Barber Race Review: Friends Edition



The Cap’n’s Frenchman Simon Pagenaud – who has few friends – dominated the road course race winning from pole. It’s his second straight triumph and sixth overall, a trend that won’t win him many new friends in the IndyCar paddock. The fuel saving and “coasting” exhibited yet again during the affair won’t win the series many new fans, either.


It was a fugly start, with AA‘s Carlos “unfriendly” Munoz smashing into Mad Russian Mikhail Aleshin. He in turn knocked AJ Foyt’s Jack Hawksworth off track, bringing out the only caution of the day. The wreck voided the start and turned out to be one of the few exciting parts of the telecast. Inexplicably, the victims Aleshin and Hawksworth were sent to the rear for the restart while Munoz went unpunished by the famously fickle race stewards. Neither an official penalty nor an explanation were given. It was the increasingly friendless Munoz’s second such stunt of the season, as he went punting at St. Pete, too.


“Thanks for the radio comments @GrahamRahal some of us cant be as lucky as you growing up. An[d] to think u thanked me for letting u by at end.”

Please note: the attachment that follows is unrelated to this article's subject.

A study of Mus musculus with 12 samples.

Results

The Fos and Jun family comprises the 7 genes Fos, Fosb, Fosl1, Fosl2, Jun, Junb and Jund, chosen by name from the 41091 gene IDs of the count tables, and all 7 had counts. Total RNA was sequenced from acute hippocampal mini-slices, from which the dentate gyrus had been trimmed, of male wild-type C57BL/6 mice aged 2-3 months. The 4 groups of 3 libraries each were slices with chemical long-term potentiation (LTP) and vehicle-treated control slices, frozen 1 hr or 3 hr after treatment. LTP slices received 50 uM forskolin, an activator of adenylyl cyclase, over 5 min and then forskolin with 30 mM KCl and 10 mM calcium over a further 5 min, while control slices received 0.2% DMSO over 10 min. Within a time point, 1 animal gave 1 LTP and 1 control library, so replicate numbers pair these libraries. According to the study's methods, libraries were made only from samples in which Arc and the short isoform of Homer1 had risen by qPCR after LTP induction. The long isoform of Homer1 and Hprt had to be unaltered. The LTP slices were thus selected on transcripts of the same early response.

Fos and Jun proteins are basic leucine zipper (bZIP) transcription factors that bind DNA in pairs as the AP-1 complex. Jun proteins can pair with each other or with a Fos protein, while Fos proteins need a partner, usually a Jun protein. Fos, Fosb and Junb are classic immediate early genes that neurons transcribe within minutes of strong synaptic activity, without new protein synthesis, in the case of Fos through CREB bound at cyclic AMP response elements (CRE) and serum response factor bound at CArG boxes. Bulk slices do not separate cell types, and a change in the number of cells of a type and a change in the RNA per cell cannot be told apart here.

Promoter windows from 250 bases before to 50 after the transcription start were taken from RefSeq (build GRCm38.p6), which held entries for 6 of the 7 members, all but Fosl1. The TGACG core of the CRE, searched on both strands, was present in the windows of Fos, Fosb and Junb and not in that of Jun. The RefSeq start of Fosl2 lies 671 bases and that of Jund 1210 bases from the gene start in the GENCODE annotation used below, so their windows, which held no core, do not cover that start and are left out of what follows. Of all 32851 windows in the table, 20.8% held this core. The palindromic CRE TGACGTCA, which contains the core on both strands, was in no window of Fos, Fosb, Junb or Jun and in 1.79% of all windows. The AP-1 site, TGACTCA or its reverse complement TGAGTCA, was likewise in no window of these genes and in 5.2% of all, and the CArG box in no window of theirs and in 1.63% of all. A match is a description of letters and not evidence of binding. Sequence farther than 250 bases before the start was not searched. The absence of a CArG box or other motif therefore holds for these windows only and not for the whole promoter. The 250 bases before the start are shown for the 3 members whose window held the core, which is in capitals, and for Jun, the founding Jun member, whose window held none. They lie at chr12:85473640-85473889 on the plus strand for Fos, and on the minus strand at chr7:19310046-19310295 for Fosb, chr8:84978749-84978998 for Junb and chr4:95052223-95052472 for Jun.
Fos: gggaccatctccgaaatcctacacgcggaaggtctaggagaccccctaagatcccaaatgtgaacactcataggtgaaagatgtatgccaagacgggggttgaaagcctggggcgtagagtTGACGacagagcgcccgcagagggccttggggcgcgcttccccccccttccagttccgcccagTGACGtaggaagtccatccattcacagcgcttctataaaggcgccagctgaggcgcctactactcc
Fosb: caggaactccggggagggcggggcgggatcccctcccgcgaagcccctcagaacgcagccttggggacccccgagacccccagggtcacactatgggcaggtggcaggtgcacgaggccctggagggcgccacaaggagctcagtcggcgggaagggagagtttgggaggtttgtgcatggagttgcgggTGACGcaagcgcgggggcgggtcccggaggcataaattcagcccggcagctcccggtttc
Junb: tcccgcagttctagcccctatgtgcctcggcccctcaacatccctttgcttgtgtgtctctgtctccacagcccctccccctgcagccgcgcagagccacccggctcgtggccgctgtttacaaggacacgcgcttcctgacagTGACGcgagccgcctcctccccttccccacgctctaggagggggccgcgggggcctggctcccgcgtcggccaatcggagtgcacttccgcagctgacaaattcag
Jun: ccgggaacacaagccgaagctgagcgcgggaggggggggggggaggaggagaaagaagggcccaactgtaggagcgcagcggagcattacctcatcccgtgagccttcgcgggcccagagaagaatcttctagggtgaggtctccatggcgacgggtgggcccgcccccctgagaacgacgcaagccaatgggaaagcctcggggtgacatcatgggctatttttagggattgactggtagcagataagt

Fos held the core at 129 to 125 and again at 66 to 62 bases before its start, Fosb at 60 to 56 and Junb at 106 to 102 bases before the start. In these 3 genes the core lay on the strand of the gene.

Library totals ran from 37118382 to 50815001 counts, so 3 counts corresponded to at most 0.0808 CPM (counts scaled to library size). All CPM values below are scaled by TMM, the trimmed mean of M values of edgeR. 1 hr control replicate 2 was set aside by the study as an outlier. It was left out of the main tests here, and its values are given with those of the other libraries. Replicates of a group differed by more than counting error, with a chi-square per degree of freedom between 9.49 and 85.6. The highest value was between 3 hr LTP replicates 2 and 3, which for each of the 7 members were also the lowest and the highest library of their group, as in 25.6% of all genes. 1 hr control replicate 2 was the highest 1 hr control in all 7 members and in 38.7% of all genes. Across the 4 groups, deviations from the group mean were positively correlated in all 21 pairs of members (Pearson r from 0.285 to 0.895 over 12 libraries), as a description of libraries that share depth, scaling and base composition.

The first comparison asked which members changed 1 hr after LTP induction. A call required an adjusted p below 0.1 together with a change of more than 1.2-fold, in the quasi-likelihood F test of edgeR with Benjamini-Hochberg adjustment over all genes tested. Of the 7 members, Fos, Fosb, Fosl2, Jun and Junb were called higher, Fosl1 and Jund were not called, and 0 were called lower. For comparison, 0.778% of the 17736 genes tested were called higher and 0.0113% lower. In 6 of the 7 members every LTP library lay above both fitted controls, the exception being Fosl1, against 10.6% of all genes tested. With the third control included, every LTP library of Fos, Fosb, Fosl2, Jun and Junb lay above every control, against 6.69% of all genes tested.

Remarkably there were no DNFs for the second race in a row, though Graham “rammin'” Rahal certainly tried. At one point late in the contest we were actively rooting for a yellow to liven things up, but it turned out in vain. Stand in Rick Allen (Schwieger) did an ok job with the broadcast along with the rest of the crew, despite having little with which to work. Frankly, we’ll be glad when our old friend “Daffy” Leigh Diffey returns from exile, as he’s more fan friendly. Incidents of on track passing, a rarity Sunday, were missed by NBCSN’s coverage, though in fairness some were shown as replays.



Uncalled was Graham Rahal’s dramatic bashing into the back of Pagenaud during what Rahal called “a nice block” in the latter stages of the procession. Paul Tracy happened to agree with son of ‘stache on air. Pags ran off course as a result, but furiously charged back around Rahal to reclaim the lead. Indeed, they were the only two leaders of the entire grand prix, putting on a fine though brief battle. The non call didn’t reflect well upon the temporarily revived race control, as further contact with Hawksworth smashed Graham’s fragile Honda nose and effectively handed the race to Penske’s hottest hand for the second consecutive week.


It’s safe to say after Sunday Rahal and Pags aren’t becoming fast friends. The runner up hilariously referred to the Frenchman as “See-moan” in an interview. Asked about Rahal’s blocking allegation, Pagenaud mentioned that he won the race. “OK fine. I won’t answer,” he said.